Tolstoy’s fame as one of the world’s greatest novelists has never been in doubt, but the importance of his views on the social, moral and religious issues of his time is not so widely recognised. This study, first published in 1973, presents an introduction to the historical and cultural background of Tolstoy’s lifetime, then going on to consider the major events of his developing personality as a writer and reformer.
As well as considering the famous novels and literary criticism, Simmons treats his educational theories and practice, famine relief work, spiritual crises and religious, social and moral beliefs, as reflected in controversial writings such as What I Believe, What Then Must We Do? and The Kingdom of God Is Within You. He also investigates Tolstoy’s involvement in government, war and revolution, and the relevance of his reformist views in the contemporary world.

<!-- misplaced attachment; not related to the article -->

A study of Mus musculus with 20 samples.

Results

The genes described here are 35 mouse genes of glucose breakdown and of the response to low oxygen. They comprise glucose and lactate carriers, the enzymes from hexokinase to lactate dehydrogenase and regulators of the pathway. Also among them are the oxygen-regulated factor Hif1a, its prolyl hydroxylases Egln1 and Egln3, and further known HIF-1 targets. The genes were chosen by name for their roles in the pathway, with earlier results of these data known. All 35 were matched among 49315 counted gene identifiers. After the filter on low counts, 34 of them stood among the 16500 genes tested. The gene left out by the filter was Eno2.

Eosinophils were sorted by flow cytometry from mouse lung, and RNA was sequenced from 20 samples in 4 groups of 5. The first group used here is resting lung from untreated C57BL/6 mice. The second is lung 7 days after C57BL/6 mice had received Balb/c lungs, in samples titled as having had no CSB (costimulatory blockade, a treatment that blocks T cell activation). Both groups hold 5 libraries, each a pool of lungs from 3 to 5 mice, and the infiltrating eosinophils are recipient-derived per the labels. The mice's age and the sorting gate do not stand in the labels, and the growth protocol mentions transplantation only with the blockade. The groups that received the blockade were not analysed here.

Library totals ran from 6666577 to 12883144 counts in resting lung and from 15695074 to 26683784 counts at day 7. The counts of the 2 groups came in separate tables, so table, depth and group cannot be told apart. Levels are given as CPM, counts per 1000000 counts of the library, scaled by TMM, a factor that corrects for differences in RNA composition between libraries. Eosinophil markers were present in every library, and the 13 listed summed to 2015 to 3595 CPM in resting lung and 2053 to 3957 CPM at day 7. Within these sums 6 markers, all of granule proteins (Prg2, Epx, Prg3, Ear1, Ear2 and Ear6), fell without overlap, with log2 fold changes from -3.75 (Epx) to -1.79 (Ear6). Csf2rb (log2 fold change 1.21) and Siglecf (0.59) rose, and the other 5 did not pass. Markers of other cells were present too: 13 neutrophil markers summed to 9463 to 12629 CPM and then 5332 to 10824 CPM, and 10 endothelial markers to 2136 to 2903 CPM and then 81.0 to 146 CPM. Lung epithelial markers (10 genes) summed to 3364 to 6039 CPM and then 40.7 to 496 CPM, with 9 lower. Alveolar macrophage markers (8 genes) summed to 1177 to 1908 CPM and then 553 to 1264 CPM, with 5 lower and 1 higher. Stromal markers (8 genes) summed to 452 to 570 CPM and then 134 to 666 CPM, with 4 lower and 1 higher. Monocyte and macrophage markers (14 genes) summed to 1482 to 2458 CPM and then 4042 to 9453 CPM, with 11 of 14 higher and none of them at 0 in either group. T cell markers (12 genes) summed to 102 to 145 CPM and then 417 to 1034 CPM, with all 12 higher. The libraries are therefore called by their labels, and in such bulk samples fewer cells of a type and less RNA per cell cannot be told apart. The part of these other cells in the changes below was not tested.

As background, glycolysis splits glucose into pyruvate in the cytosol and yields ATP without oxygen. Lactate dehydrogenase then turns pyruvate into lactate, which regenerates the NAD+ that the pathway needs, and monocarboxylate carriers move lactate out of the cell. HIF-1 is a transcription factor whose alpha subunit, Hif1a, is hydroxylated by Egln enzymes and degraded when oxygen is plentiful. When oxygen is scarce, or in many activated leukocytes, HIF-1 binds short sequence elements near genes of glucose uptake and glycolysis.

Preface Introduction 1. Childhood, Boyhood, and Youth 2. The Caucasus 3. War, Travel, and Self-Definition 4. Educator 5. War and Peace 6. Anna Karenina 7. Spiritual Crisis and Religious Faith 8. What Then Must We Do? 9. Back to Art 10. The Kingdom of God Is Within You 11. What Is Art? 12. Resurrection 13. Government – War – Revolution – Land Question – Death 14. International Recognition
Routledge Library Editions: Tolstoy and Dostoevsky presents a rich selection of renowned and lesser-known treatments of the Russian masters – considered by some the greatest novelists of all time – from the 1920s to the ‘90s.
The set includes works of accessible biography, lucid literary criticism and insightful scholarship, ranging over a wide range of themes: Tolstoy’s aesthetic philosophy, Dostoevsky’s curiously under-studied social and political views, Feminism, Nietzsche, and much else.